David Brooks wrote about sexual misconduct, forcing Yas to do the same, here. But he doesn't really want to get into it.
But he sort of does want to get into it:
I might be interested in asking why it is that the current crop of stories of men abusing women fall so neatly into two categories, those involving men wielding immense political or financial power from Dominique Strauss-Kahn (a socialist, but that didn't stop me from denouncing him) through Harvey Weinstein (a noted supporter of liberal causes, but I'm not impressed) to Roger Ailes and President Trump, and those involving men who tell jokes for a living. With the peculiar overlap case of the man who used to tell jokes for a living and later became a Senator from Minnesota. What's up with that?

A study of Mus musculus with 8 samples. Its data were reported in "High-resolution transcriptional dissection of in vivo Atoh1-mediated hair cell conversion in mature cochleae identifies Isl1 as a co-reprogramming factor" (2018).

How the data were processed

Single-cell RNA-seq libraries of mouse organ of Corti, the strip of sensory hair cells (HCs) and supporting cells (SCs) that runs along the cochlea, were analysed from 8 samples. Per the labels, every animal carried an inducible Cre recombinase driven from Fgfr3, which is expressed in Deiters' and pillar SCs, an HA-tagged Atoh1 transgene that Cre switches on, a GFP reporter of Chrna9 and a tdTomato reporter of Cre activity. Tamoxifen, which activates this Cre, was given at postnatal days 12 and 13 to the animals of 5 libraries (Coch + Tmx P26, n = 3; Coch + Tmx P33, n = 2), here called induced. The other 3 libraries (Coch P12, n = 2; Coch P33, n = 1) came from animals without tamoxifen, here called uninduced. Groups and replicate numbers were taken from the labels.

The reason for the categories of men who get exposed?
Reporters are not inclined to have views about what is proper behavior. Even if they were so inclined, to express it is against the rules. Political reporters claim to be experts in politics and proudly announce that they don't vote. If that makes sense to you, then it's obvious that sex itself is not news.
What is news?
So the categories that get exposed are those that men that we expect to be:
A. Not rapists, and
B. Honest about sex.
Category A excludes a lot of Republicans, including Trump. Category B is basically the definition of comedy.
ETA: Roger Ailes and Blake Farenthold in Texas show that if you are an elected official or in media, you are expected to not be rapey, even if you’re a Republican.